STEAM WORKS 2016

By Lori Ann Doyon with Kate Yourke

“Students are hungry for information, but schools often stall their curiosity to focus on skills that students do not value. To see so many kids engaged in learning, on their free time, it shows the excitement that could be part of every student’s experience of school.”

-Kate Yourke, organizer of STEAM WORKS

Computer game booth with fruit and vegetables as the game controller. Up, down, left, right touch the correct cucumber. L to R are Katya and Maya Naphtali sit by to instruct interested gamers on using the Makey Makey, an invention kit from the people who developed the Scratch block-programming language. The Makey Makey uses high-resistance switching to allow everyday objects like fruit, skin, or play-doh to trigger signals that the computer understands as keyboard commands. Their father, Hans Tammen, sat at the next table the Little Bits Synth Kit to explain the fundamentals of electronic music
Ken Butler is an artist and musician who transforms common and uncommon objects into musical instruments- a pencil becomes a violin, a toothbrush becomes a string and percussion instrument; plus shovel and tennis racket guitars and many, many more. Ken Butler offered activities that describe the Science of Sound, and performed with his instruments, making beautiful music to inform and entertain the crowd.

STEAM WORKS took up residence once again on a June Saturday at Automotive High School on Bedford Avenue. This yearly mind expanding festival is helmed by Kate Yourke, the Assistant Director of Creative Arts at The Lang School, and founder and President of Make: STEAM, Inc. STEAM WORKS encapsulates the mission of Make STEAM, which is to increase creativity and ingenuity for students of all abilities through hands-on projects integrating Science, Technology, Engineering, Art and Math.

Inside the school there were workshops on light and sound via Technical Artisans Collective, demonstrations of the Bernoulli Effect with ping-pong ball cannons from The Lang School, and pom-pom catapults and hovercraft rides with Make: STEAM. Outside there were dramatic demonstrations on electricity and physics with Vinny Voltage, making a telescope with magnifying lenses via BEAM Center, geometric construction with Tetteh Tawiah, vintage technology from the Museum of Interesting Things, Build Sculpture and Automata with Gerb-O-Matic, Robotics with Metal Motion Robotics, musical instruments fashioned out of imagination, technique, and household items; extracting a strawberry’s DNA with Art in the Lab; printmaking with the Dell Family, hands-on science with the Physics Bus, and more.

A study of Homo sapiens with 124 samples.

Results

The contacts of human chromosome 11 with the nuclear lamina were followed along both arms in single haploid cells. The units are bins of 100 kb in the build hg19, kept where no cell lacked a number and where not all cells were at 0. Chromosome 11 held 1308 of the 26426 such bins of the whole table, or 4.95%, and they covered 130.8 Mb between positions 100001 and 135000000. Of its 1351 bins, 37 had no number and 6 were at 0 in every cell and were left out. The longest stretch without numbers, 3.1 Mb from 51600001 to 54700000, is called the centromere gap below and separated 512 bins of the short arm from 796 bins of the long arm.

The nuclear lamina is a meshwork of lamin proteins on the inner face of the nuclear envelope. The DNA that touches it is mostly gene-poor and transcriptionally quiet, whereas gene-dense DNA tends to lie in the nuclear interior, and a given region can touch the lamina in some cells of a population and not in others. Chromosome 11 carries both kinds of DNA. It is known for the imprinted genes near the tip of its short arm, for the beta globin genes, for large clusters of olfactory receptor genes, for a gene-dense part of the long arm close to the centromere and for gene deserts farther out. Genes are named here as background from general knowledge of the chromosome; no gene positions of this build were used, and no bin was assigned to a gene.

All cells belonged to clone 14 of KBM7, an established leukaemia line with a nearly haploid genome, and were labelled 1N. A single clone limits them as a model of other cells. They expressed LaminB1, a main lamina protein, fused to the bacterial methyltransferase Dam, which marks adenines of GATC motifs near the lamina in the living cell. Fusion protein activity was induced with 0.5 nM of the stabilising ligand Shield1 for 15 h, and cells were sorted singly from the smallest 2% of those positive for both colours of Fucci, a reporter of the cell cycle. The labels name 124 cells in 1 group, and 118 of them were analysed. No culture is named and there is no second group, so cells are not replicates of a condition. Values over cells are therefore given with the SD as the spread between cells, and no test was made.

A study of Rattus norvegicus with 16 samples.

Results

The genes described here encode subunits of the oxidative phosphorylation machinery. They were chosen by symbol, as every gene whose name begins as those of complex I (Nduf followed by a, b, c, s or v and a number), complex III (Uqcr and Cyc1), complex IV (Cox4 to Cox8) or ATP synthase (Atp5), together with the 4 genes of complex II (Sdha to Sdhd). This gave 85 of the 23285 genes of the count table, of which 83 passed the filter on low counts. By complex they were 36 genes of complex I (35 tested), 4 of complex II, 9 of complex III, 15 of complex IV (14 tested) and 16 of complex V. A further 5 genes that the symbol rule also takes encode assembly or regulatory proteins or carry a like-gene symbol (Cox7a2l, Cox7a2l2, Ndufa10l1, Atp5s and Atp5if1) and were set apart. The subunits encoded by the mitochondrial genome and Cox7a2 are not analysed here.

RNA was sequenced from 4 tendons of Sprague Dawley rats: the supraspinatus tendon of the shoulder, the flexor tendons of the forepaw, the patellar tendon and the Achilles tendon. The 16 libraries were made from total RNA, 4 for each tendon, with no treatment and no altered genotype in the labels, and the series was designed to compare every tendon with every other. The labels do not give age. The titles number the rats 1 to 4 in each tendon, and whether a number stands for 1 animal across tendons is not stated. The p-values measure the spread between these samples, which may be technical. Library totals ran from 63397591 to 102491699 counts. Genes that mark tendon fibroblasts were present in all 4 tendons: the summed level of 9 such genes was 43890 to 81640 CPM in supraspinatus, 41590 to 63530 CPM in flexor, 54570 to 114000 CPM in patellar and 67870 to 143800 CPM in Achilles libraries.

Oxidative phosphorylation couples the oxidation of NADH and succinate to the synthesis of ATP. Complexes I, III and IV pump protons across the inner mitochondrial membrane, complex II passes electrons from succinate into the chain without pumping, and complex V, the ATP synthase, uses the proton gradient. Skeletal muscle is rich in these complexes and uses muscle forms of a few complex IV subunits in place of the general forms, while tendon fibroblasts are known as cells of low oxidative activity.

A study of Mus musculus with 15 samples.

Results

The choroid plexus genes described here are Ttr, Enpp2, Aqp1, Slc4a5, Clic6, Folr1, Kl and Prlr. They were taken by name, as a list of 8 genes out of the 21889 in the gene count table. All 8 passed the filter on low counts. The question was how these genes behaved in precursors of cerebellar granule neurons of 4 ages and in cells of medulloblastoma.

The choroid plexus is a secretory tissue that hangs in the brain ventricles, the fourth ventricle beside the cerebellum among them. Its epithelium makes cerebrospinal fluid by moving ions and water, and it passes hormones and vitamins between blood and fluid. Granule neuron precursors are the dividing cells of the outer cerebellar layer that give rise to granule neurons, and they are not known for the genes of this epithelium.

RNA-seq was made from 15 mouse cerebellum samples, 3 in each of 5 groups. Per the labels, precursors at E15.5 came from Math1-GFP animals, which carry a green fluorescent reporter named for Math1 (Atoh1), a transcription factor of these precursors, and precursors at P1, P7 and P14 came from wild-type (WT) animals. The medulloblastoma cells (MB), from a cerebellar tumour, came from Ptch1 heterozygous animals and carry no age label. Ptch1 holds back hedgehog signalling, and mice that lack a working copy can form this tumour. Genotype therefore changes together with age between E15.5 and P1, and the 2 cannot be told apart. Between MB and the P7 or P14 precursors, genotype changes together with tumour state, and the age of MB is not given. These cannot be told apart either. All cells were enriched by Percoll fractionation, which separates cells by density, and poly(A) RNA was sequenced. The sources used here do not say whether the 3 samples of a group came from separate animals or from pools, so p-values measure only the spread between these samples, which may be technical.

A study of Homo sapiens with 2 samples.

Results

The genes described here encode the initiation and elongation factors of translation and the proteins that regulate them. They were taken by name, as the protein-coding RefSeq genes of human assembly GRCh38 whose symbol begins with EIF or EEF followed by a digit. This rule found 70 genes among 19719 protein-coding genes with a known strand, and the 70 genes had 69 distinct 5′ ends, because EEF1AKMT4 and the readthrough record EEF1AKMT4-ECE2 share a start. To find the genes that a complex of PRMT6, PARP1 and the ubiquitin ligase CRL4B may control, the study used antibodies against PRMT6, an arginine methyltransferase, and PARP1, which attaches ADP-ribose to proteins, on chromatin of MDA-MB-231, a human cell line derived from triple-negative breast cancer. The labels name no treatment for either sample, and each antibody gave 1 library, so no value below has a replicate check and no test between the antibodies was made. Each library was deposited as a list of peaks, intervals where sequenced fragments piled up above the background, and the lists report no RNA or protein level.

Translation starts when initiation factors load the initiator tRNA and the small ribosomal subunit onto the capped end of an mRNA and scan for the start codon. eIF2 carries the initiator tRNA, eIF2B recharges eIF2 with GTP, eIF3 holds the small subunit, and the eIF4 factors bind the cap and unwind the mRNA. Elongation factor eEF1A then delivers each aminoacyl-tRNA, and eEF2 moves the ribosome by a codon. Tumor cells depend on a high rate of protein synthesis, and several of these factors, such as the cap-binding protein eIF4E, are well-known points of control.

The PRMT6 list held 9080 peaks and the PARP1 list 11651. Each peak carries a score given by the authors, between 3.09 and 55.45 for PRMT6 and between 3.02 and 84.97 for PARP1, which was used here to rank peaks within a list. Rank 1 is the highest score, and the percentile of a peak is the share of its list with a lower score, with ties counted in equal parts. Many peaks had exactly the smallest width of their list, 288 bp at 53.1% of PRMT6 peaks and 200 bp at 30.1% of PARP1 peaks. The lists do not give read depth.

“Students are hungry for information, but schools often stall their curiosity to focus on skills that students do not value. To see so many kids engaged in learning, on their free time, it shows the excitement that could be part of every student’s experience of school,” said Kate Yourke, organizer of STEAM WORKS! Council Members Stephen Levin and Antonio Reynoso provided support for this fair of multi-fascination.

Author: The Greenline

Your monthly source for North Brooklyn community news covering Williamsburg, Greenpoint and Bushwick. Currently 13,000 copies are distributed throughout the community free of charge.